UK Government: Uganda’s anti-gay law will damage the country’s international reputation


On Friday, an FCO spokesperson said to “The UK Government remains committed to ensuring that all LGBT people around the world are free to live their lives in a safe and just environment.

“We’re concerned about the impact of the Anti-Homosexuality Bill on human rights in Uganda and fear the bill will damage the rights of people belonging to minority groups, and Uganda’s international reputation.

“UK has a close and strong partnership with Uganda, but where there are issues of concern we will raise them. The UK, along with our international partners, will continue to press the Government of Uganda to defend human rights for all, without discrimination on any grounds.

“The UK works proactively through Embassies and High Commissions and through international organisations, including the Commonwealth, to promote tolerance and non-discrimination against LGBT people and to address punitive laws that criminalise homosexuality.”

The spokesperson added: “It is wrong for LGBT groups to continue to suffer persecution, violence and discrimination.  We expect Uganda to live up to the values where all its citizens are free to live their lives in a safe and just society.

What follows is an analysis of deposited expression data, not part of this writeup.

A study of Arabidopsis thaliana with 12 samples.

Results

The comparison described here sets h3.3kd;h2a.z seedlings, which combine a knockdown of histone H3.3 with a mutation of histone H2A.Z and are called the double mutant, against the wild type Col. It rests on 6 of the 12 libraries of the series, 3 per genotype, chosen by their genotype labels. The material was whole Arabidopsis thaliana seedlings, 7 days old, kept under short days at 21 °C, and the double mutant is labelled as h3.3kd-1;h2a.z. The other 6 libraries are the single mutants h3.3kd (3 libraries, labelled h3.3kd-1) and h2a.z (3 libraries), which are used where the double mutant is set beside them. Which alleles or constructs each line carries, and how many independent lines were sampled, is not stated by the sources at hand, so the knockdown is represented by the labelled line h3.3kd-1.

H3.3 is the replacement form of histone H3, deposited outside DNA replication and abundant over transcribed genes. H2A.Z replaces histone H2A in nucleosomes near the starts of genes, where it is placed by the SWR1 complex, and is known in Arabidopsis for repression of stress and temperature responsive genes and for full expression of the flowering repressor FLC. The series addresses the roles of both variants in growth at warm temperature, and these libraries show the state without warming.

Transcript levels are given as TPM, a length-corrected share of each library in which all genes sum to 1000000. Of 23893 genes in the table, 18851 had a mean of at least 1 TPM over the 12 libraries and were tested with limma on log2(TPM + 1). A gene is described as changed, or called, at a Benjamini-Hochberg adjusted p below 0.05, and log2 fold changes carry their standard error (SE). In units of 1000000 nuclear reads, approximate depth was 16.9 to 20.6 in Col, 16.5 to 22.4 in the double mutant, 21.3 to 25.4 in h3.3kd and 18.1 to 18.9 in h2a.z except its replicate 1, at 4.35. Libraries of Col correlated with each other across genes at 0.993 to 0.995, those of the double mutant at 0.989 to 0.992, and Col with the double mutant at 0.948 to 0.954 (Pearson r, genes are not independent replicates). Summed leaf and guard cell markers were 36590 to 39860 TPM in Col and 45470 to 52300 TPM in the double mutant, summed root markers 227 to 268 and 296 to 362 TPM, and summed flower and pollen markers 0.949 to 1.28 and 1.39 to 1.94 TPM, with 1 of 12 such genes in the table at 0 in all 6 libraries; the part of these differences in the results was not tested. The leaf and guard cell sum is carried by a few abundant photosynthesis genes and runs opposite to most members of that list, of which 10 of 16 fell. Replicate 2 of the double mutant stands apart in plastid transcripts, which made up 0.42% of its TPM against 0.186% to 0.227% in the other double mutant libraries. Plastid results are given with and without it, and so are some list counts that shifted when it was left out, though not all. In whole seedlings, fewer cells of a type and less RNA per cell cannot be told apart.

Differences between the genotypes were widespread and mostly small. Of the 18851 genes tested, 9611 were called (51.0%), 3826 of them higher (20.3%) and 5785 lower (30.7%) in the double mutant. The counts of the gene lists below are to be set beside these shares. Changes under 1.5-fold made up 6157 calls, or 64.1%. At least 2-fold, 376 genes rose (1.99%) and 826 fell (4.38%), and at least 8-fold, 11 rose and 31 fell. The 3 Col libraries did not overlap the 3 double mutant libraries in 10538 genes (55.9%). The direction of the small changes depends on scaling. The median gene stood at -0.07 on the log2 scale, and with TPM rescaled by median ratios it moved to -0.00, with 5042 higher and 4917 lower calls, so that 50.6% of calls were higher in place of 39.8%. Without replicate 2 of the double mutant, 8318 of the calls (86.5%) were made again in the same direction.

“We have raised our concerns about the proposed Anti-Homosexuality Bill with the Ugandan Government at the highest levels. The Foreign Secretary raised this issue with the Foreign Minister of Uganda in the margins of the Somalia Conference on 7 May 2013.

“The Parliamentary under Secretary of State for the Department for International Development, Lynne Featherstone, discussed LGBT rights during her visit to Uganda on 24 October 2013.”

On Friday, MPs in Uganda passed legislation to toughen the punishment for same-sex sexual activity, including life imprisonment for all same-sex sexual behaviour – not just the current life tariff for anal intercourse. 

The bill increases the penalty for other acts – including mere sexual touching – from seven years to life imprisonment.

Promoting homosexuality and aiding and abetting others to commit same-sex acts will be punishable by five to seven years in jail.

A person in authority – gay or heterosexual – who fails to report violators to the police within 24 hours will be sentenced to three years behind bars.

Campaigners are calling on Uganda’s President Yoweri Museveni not to sign the bill into law.

Activists believe the issue of foreign aid could be weighing on President Museveni’s mind, but they also recognise the president supports the spirit of the bill.

It is also possible for parliamentary supporters of the bill to bypass the need for presidential approval if a further vote is tabled. They require a two-thirds majority.

UK Labour MP Diane Abbott has condemned the Ugandan Parliament’s decision.

She told “This really is dreadful news that has come from Uganda today, especially as it comes just days after the death of Nelson Mandela, who stood up for the rights of all including the lesbian, gay, bisexual and transgender community.”

Conservative MP Nigel Evans also criticised Ugandan MPs who had voted for the Anti-Homosexuality Bill.

Speaking on behalf of the Kaleidoscope Trust, Assistant Director Alistair Stewart called it “a terrible day for human rights.”